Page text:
Question of the Week: Angels Gave the Law?

On April 12th, 2018, the Mentionables received this question from S. F.:

"Galations 3:19-20:


"Why, then, was the law given at all? It was added because of transgressions until the Seed to whom the promise referred had come. The law was given through angels and entrusted to a mediator. A mediator, however, implies more than one party; but God is one.


"The heck? Angels gave the law? And what does it mean about a mediator?"

William Blake [Public domain], via Wikimedia Commons

William Blake [Public domain], via Wikimedia Commons

Thanks for the question, S.F. here are the answers from the team.

This answer is from Mentionable Network Member Marc Lambert

Marc is the senior minister at Liberty Hill Baptist Church in Texas, and also the host of the  "Hey Pastor"  podcast and blog.

Marc is the senior minister at Liberty Hill Baptist Church in Texas, and also the host of the "Hey Pastor" podcast and blog.

Angels gave the law?
The word angel technically just means “messenger”. Rarely in Scripture do we see God dealing directly with people. His messages and action are most often carried out by angels.

However, since the message itself is from God, it would not be wrong to say, “God said …” even if the thing God said is delivered by angel.

So while we talk about God giving the Law to Moses on Mt. Sinai, there is no reason to think there were not angels involved. Indeed, the Bible certainly seems to indicate they were.
Deut. 33:2 describes God giving the Law to Moses with “ten thousand holy ones”. These “holy ones” are believed to be angels, and not just there to look pretty. Acts 7:53, referring to the past generations of Israelites (see vv 51 & 52), describes them as having “received the Law by the direction of angels.” And in Hebrews 2:2, arguing that the Law is unable to save (because we are unable to keep it), the author refers to The Law as “the word spoken through angels”.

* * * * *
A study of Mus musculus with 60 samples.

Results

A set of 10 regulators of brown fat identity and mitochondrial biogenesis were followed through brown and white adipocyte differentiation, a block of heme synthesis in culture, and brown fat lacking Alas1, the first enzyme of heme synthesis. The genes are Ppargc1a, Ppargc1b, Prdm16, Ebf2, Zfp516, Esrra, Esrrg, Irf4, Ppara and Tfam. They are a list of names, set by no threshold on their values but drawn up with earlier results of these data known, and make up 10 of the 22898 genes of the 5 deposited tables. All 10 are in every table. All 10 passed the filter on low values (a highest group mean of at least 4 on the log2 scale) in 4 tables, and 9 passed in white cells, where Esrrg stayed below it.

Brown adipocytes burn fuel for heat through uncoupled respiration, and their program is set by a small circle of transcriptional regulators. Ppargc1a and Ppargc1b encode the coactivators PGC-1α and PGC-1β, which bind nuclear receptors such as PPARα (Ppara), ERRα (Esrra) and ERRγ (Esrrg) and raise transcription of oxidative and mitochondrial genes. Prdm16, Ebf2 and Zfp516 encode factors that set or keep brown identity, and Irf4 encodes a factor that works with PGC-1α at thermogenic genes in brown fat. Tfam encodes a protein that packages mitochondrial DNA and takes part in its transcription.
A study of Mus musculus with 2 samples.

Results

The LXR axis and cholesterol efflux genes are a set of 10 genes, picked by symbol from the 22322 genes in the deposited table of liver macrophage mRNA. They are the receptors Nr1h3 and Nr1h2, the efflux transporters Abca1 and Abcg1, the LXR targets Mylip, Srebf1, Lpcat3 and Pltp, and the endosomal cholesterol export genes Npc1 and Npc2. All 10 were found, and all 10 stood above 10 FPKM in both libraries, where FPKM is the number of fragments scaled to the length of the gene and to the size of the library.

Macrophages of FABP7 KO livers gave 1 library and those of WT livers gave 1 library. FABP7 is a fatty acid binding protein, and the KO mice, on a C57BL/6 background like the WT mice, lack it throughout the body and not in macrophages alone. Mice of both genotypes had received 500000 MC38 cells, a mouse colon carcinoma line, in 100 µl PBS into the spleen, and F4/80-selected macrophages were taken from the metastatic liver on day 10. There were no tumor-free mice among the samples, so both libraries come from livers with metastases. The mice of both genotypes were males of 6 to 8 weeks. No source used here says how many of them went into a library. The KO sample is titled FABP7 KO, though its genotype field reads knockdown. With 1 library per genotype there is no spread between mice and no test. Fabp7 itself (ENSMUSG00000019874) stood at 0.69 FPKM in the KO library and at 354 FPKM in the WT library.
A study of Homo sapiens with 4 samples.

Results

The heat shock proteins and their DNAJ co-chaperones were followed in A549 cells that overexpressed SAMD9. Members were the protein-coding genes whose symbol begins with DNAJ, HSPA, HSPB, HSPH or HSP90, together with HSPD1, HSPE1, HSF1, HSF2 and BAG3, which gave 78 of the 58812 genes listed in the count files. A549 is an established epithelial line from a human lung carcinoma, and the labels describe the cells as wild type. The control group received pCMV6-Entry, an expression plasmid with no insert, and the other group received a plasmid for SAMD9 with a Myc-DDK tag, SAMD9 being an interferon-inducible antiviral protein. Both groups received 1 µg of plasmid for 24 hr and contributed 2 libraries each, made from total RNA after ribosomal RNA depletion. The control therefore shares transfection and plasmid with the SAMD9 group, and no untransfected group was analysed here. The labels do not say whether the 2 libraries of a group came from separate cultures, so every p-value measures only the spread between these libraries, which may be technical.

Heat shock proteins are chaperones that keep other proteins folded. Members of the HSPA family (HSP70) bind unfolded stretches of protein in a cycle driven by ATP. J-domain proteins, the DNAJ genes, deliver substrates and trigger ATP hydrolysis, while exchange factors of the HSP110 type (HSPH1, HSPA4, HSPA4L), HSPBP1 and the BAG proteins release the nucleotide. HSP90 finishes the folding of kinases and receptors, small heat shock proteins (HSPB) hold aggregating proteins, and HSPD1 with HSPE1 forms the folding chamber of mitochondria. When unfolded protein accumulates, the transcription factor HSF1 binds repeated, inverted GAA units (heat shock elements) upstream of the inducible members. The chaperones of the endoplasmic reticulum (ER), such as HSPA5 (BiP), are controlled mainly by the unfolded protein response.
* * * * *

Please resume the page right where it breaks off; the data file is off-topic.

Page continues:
So clearly, according to Scripture, though we often think of God personally dictating a message to Moses, there were angels involved in the giving of the Law.
And what does it mean about a mediator?"
It could be referring to the angels, but most likely it is referring to Moses. But to understand the point, we have to understand the context of the statement.
Book of Galatians is addressing the Church in Galatia who were apparently falling for some teachings that to be Christian you had to obey the Law of Moses, rather than the Gospel of salvation by grace through faith. (Gal 1:6)
This passage is comparing “The Law” (the Covenant made specifically with the Israelites through Moses) to the promise made to Abraham directly.
“Therefore He who supplies the Spirit to you and works miracles among you, does He do it by the works of the law, or by the hearing of faith?—  just as Abraham “believed God, and it was accounted to him for righteousness.” (Gal 3:5-6)
Abraham was saved by faith, not by the keeping of any Law, and His promise was given directly from God, not through angels and a prophet. Thus, Paul seems to be arguing that the greater promise is the one given to Abraham. It was the same message to Abraham as the Gospel which Christ preached: salvation by grace through faith (v8), it was not changed or voided by the Law of Moses (v17), and it was straight from God, not through a mediator (vv 19-20).

Why this last point is important is that in a covenant (contract) where you have two parties, a mediator acts as a go between, and each part has a promise they have to uphold. However, with Abraham, there was no mediation. There was no conditional if/then element to the deal. God declared the promise,  no terns, He would see it done. 

So The Law couldn't save because it was conditional.  And we never live up to the terms. Therefore the Galatians are foolish to think that it could save them.

But the promise given to Abraham was unconditional. That promise being salvation through Christ. And just as Abraham is declared righteous before God, unconditionally, because of his faith, so are those who put their faith in Christ declared righteous before God unconditionally.